When ATI initially launched the low end mainstream Radeon HD 5550 it came in two memory flavours; DDR2 with a memory clock speed of 800MHz, and the 1,600MHz GDDR3 version, each with a standard 550MHz core clock.
Since then there have been more versions than you can shake a stick at. For instance, Sapphire alone has seven cards based on the 5550 in its product range, including the silent Ultimate version we have already looked at here, while the current flagship of the range is the overclocked 512MB GDDR5 DP we are looking at in this review.
The ‘DP’ part of the name is the important bit, as it stands for DisplayPort, and as this card is the only one of the range to support the three usual HD5xxx ports – namely DVI, HDMI and DisplayPort – it’s also the only card in Sapphire’s HD 5550 line-up that supports ATI’s multi screen Eyefinity technology.
Sapphire has tweaked the core clock on this version of the HD5550, adding 100MHz to the reference speed so that it runs at 650MHz, but the real improvement comes from the use of 512MB of GDDR5 memory running at 1,000MHz (4,000MHz effective).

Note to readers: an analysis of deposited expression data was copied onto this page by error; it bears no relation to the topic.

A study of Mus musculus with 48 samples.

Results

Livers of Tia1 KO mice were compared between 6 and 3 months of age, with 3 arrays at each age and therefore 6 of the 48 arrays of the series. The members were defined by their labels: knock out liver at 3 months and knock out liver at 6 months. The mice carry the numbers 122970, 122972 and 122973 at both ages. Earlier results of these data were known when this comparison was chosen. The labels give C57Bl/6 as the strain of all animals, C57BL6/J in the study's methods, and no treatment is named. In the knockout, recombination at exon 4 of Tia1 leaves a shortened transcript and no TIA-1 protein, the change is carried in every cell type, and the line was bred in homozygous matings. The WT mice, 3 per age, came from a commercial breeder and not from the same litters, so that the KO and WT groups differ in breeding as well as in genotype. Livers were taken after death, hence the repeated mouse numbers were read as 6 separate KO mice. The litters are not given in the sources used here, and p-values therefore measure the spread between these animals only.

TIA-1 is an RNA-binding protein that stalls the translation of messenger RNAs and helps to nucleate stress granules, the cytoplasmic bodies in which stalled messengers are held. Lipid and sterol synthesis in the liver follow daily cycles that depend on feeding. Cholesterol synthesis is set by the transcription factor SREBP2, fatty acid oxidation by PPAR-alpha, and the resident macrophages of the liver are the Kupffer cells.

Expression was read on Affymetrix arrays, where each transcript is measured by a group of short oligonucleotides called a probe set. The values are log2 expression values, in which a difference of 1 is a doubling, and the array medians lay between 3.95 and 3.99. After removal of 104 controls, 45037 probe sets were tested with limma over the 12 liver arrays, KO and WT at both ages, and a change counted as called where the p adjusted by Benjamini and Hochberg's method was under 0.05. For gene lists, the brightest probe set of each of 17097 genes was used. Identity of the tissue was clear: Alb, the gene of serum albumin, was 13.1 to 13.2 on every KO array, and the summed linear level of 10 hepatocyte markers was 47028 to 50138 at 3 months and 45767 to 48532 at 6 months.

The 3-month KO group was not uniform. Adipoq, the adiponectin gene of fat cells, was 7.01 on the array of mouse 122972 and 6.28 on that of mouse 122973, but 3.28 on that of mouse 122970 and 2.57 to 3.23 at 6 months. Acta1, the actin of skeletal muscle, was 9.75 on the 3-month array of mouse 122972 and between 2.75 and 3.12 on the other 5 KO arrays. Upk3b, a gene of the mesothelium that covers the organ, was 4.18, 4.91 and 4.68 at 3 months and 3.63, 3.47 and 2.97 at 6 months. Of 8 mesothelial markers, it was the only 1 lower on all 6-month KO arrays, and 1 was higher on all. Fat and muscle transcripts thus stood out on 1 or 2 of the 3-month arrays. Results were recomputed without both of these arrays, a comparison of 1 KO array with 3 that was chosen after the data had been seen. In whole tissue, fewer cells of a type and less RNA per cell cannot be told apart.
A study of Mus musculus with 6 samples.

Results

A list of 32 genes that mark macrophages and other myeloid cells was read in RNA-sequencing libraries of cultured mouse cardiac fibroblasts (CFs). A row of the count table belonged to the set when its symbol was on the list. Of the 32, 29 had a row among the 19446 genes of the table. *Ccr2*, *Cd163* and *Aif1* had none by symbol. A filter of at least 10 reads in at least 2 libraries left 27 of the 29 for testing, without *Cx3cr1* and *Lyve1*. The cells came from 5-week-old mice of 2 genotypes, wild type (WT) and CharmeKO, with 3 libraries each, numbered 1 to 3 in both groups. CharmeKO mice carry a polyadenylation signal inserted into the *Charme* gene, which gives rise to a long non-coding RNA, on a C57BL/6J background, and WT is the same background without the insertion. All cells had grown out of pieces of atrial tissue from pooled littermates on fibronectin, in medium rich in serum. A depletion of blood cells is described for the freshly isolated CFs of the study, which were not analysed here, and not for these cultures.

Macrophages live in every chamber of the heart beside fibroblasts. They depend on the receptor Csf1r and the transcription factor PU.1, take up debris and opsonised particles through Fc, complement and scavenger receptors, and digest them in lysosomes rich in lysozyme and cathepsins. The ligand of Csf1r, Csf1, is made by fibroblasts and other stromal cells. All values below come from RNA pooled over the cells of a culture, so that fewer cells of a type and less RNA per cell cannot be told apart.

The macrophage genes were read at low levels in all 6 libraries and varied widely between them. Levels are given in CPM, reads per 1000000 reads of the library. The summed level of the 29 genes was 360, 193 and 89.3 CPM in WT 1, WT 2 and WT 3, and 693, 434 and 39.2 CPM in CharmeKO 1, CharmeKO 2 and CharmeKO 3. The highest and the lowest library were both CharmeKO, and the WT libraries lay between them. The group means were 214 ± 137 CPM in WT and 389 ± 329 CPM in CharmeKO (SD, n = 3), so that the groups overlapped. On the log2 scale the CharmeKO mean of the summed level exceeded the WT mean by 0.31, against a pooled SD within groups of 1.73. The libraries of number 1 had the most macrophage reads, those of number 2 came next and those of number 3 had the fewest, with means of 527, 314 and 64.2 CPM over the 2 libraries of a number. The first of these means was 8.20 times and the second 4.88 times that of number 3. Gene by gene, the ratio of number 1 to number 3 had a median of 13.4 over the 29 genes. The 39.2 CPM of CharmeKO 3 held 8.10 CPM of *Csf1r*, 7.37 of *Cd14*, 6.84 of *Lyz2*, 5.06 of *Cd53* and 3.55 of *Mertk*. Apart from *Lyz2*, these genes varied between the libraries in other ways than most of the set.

This gives the card a massive boost in bandwidth over its siblings in Sapphire’s HD5550 line-up (64GB/s compared to the HD5550 Ultimate’s 14.2GB/s). But, and it’s a very large ‘but’, this still isn’t anywhere near a full-on gaming card, as despite this huge increase in bandwidth, the HD5550 GDDR5 DP is still struggling against the cut-down nature of the HD 5550′s architecture and memory bus.
Measuring just over 171mm long, it’s a compact card making it ideal for the smaller PC or HTPC case, and the fact that it doesn’t need any more power than what’s provided by the motherboard’s x16 PCI-E slot also helps in this respect.
However, the large Arctic Cooling heatsink and fan which keeps the GPU and the four Samsung K4G10325FE HC05 memory modules nice and cool (and does so with the minimum amount of noise) is big enough to make the card a dual slot solution, which might rule it out of being able to fit in some of the very compact HTPC cases that are currently available.
When it comes to performance, the overclocked core and better, faster memory chips still can’t overcome the limitations of the cut-down nature of the HD 5550′s architecture and it can’t really handle hard core games like Crysis Warhead (15.4fps at 1,280 by 1,024 resolution).
It does do a little better with FarCry 2 (32.3fps) and DiRT2 (36.6fps) and you may be able to squeeze a few more frames per second out of it by turning down all the in-game details, but it’s better to look at this as an HTPC card that can do some light gaming, or as a reasonably priced step up from an integrated graphics solution, especially as it doesn’t need any extra power and is ideal for those whose purse strings are a little tight.